In the early 2000s, an anesthesiologist named Peter Pronovost began studying a persistent problem in hospitals: central line infections.
A central line (or central venous catheter) is a type of IV, but instead of going into a vein in your arm, it goes into a major vein in the neck or chest. Central lines make it easier to give medication and to take blood, and they can stay in longer than normal IVs. For patients who are going to be in the hospital for a while, they’re common. And usually they’re inserted without incident.
But sometimes, an infection sets in.
A central line infection is bad news. It’s a bloodstream infection, and patients who need a central line tend to be pretty sick in the first place. Between 12-25% of patients with a central line infection die.
Pronovost had an idea for combatting this deadly hospital killer. It was a sophisticated, abstract idea, and I only barely understand it myself, but I’ll do my best to explain it to you:
Before inserting a central line, doctors and nurses should wash their hands, clean the patient, and use sterile equipment.
In other words, Pronovost suspected that just doing the things they already knew they were supposed to do could enable medical staff to drastically cut the rate of central line infections. He devised a simple, 5-point checklist for preparing to insert a central line:
- Wash your hands with soap.
- Clean the patient’s skin with an antiseptic.
- Put sterile drapes over the entire patient.
- Wear a sterile mask, hat, gown and gloves.
- Put a sterile dressing over the insertion site.
The checklist was first introduced at Johns Hopkins Hospital, one of the leading hospitals in the United States. Their central line infection rate dropped from 11% to 0%. Encouraged by these results, Pronovost then ran a study with 108 ICUs in the state of Michigan, and over 18 months, ICUs using the checklist saw their central line infection rate decrease by an average of 66%, saving 1500 lives and $100 million.
All hail the latest medical miracle! The cutting edge of 21st century medical technology! The . . . checklist?
As author and surgeon Atul Gawande notes in his fascinating book The Checklist Manifesto: How to Get Things Right, we don’t like checklists very much. We fear they’ll make us rigid and unthinking, stripping us of our humanity and turning us into automatons. But, as industry after industry has learned, that’s not what checklists do.
Let’s talk about some of the benefits of checklists and how we can use them effectively in our own lives (even if we never put in a central line).
Checklists reduce error
We make silly mistakes all the time. Doctors and nurses forget to wash their hands, I forget my wallet, and you forget your brown bag lunch on the kitchen table. The human mind is unreliable, and checklists help improve reliability by removing some of the cognitive burden. It’s easier to follow a checklist than to rely on your memory, and in stressful or high-stakes situations, checklists can help us avoid forehead-smacking mistakes. We’ve all had a minor mistake cost us big time, and a good checklist prevents this.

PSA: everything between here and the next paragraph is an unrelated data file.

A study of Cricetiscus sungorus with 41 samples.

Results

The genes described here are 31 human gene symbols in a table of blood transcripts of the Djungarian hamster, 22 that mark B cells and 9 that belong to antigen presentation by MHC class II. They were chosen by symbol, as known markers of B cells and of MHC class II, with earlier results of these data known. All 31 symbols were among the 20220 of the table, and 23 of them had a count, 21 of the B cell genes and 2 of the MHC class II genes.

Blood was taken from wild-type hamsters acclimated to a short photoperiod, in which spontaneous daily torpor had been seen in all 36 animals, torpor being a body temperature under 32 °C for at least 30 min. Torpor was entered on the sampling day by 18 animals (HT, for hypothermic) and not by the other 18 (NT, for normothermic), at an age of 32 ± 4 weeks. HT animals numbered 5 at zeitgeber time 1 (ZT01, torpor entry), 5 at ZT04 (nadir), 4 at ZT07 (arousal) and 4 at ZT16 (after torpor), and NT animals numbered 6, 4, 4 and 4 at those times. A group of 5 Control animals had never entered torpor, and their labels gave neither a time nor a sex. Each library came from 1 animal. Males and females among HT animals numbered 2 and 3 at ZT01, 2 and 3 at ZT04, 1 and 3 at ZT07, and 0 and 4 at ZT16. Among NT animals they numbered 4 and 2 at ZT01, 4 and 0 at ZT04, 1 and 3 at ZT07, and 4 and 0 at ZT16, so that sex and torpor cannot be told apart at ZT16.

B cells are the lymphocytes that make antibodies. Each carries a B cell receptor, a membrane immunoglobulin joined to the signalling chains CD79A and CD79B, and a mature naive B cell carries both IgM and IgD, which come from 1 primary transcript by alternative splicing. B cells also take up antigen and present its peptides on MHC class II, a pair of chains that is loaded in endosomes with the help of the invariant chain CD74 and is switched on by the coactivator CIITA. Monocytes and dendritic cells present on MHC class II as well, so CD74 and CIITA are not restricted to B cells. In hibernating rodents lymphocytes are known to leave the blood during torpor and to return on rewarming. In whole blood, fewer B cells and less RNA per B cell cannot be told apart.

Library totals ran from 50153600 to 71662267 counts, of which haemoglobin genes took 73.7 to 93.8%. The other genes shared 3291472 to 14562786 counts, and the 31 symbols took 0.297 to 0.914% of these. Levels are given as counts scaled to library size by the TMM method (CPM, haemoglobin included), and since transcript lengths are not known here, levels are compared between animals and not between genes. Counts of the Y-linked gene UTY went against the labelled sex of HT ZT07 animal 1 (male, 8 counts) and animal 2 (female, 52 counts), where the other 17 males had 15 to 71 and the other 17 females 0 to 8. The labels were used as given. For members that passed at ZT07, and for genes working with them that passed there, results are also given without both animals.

Checklists simplify a complex world
As Gawande points out, most areas of work have become exponentially more intricate and specialized in the last few decades. This was Peter Pronovost’s essential insight—that critical care (caring for a hospital’s sickest patients) has become so complex that no one person can dependably understand what should be done next with a given patient in a given situation. Of course doctors should don a mask before inserting a central line. They know this. But in the whirlwind of the modern ICU, it’s easy to forget even basic steps. In a complex world, checklists provide clarity.
Aviation has understood this for 50 years, and pilots rely on a series of checklists to fly increasingly complicated aircraft. Have you seen the cockpit of a 747? It contains nearly 1000 instruments. I don’t want my pilot trying to remember what to do if something goes wrong—give her a checklist.
Checklists lower the barrier to action
This is my favorite benefit of checklists. Checklists make unpleasant, multi-step tasks easier by breaking them down.
I’ve recently adopted a productivity practice borrowed from Cal Newport called a “work shutdown routine” designed to help me leave work at work at the end of the day. Essentially, I just review all of the projects I’m currently working on and confirm, one by one, that each one is under control and that I have a plan in place that I trust. It takes about 30 minutes, and it’s the last thing I do at work each weekday. Now, put yourself in my shoes. It’s 5:00 PM. Do you really want to spend 30 minutes reviewing every single project you’re working on? You do not. You want to go home.
But a checklist makes things simpler. I don’t really want to spend 30 minutes completing my work shutdown routine, but I am willing to grab my checklist and complete the first step, and before I know it, I’m halfway done. Checklists break down frequent tasks into smaller chunks.
Here are a few examples of checklists you might find helpful.
- Travel packing checklist. A list of everything you want to have with you when traveling. Never forget your phone charger again!
- Leaving-for-work checklist. Wallet, keys, phone? Lunch? Workout bag? Tape up a short checklist by the front door and scan it on your way out the door in the morning.
- Big purchase checklist. Before making a big purchase, it's a good idea to ask yourself a few questions about the situation---"Have I researched alternatives? Could I do without this?"---and a checklist is a great way to force yourself to coolly and rationally evaluate a big purchase.
Checklists are neither new nor exciting, but they can have a significant impact on performance and outcomes in a given area. Consider tightening up any checklists you currently use and adding a few more to your life.